HELENA — Legislative Republicans took more actions Tuesday to investigate the Montana Supreme Court and state judiciary for alleged bias – including the creation of a “special counsel” who can scrutinize “any … institution of state government.”
They also voted to extend and finance a legislative committee that will guide the investigation, for another two years.
And, the committee sent a pointed letter to Supreme Court Chief Justice Mike McGrath, asking him to explain the high court’s role, if any, in lobbying by the judiciary on bills before the Legislature.
“The committee is deeply troubled by some of the inconsistencies between your public statements … and the contents of the publicly available e-mails,” said the letter signed by its chair and vice-chair, Sen. Greg Hertz, R-Polson, and House Majority Leader Sue Vinton, R-Billings.
The Supreme Court declined to comment, noting that it has a pending case on the legality of legislative subpoenas used to obtain some judiciary e-mails and request other internal communications documents.
The court has blocked those subpoenas while it decides the case.
Tuesday’s actions are the latest development in a month-long assault on the reputation of the Montana judiciary by Republicans at the Legislature – with some help from Republican Attorney General Austin Knudsen and the administration of Republican Gov. Greg Gianforte.
They’ve sought and acquired thousands of emails from the Supreme Court, alleging that the high court may have expressed bias against bills before that Legislature – and that may be challenged in the court as unconstitutional.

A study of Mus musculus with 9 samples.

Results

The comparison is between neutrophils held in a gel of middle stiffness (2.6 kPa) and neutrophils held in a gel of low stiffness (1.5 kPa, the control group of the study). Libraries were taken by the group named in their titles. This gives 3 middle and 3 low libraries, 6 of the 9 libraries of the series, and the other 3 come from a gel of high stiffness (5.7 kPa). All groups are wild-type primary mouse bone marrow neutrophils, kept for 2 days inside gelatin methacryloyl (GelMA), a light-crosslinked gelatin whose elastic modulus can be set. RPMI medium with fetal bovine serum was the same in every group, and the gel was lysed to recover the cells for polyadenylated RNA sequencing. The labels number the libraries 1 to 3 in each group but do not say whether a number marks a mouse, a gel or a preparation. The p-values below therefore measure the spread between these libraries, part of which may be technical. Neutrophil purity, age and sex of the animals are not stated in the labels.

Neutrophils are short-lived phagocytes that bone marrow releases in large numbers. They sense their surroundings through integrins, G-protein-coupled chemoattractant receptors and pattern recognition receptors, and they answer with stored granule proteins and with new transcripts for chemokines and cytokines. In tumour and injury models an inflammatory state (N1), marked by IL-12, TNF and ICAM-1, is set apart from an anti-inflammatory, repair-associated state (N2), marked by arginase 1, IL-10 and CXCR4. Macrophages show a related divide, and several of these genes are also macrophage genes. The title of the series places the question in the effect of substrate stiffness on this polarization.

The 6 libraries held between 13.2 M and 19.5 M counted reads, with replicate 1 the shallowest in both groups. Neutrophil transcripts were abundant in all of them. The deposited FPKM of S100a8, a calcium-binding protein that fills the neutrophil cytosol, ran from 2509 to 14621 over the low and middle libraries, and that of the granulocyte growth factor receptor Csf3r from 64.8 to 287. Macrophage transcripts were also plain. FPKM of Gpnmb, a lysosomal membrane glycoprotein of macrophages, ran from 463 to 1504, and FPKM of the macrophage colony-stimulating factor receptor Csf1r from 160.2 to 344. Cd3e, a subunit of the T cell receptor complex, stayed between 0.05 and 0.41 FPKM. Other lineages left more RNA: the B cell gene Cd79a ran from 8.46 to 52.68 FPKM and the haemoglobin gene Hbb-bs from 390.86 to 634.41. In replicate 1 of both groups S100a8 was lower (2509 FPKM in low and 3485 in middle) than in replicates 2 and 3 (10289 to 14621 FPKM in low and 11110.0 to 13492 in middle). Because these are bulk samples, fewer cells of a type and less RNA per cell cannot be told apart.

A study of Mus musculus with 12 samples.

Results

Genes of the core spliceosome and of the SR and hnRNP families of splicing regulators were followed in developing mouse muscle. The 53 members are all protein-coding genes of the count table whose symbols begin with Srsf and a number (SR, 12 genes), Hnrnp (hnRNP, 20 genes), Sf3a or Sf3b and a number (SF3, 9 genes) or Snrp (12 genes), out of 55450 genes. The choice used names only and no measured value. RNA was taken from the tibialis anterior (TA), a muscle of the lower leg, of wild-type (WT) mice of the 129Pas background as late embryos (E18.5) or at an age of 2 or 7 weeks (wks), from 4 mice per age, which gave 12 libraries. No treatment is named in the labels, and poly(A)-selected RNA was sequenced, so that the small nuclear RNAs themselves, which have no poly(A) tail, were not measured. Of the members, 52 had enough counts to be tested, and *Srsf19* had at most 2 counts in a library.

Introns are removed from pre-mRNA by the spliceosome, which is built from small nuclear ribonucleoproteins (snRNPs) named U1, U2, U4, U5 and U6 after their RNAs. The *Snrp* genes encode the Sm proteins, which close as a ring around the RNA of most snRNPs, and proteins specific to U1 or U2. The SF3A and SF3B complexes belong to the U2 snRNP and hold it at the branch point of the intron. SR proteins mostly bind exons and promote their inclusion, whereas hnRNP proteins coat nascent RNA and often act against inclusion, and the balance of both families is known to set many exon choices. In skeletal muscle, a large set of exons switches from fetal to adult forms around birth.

The law that began the fight is Senate Bill 140, passed last month, that got rid of a 50-year-old commission that screened applicants for state judicial vacancies and instead gave appointment power entirely to Gov. Gianforte.
That law has been challenged as unconstitutional and is currently before the Supreme Court.
Chief Justice McGrath recused himself from the case, saying he’d expressed an opinion on the law. Other justices, who appeared before the Select Committee on Judicial Accountability and Transparency on April 19, said they had expressed no opinion and did not answer polls on bills by the Montana Judges Association.
Republicans have not accepted that explanation, and say they want to examine further internal documents.
Democrats on the six-member committee have denounced the GOP effort as an attempt to publicly denigrate the judiciary, before it begins ruling on the many laws passed during the session that Democrats say are clearly unconstitutional.
“There’s a separation of powers in Montana, as well as nationally,” state Sen. Janet Ellis, D-Helena, said Tuesday. “I think this committee was set up to try to impact the reputation of the judiciary.”
Republicans began the day Tuesday by inserting the “special counsel” language into House Bill 483, which creates some other new staff for the Legislature as well. The full Legislature later passed the bill Tuesday.
The special counsel – an attorney – will be appointed by the Republican speaker of the House and Senate president, and will have the power to “investigate state governmental activities” and examine “all records, books, and files of any department, agency, commission, board or institution of the state of Montana.”
He or she also will have the power to issue subpoenas, call and depose witnesses, hold hearings and administer oaths – if assigned to a legislative committee.
Hertz, the chair of the select committee, said the counsel would be assigned to the committee.
Republicans also added $285,000 to the session’s main budget bill, to finance the select committee for the next two years.
Hertz said the panel would issue a report Thursday morning, outlining what it intends to investigate in the coming months.
The committee’s letter to McGrath also gave a flavor of at least part of the investigation, asking the chief justice about whether he was involved in directing the lobbying efforts of the Montana Judges Association, and whether the Supreme Court justices confer on bills before the Legislature.
The MJA is the lobby group for the state’s district judges and has taken positions on bills, polled its members on bills, and had its lobbyists and individual judges appear at committee hearings on bills.
The MJA opposed the bill that gave Gianforte power to make judicial appointments directly, without any screened candidates.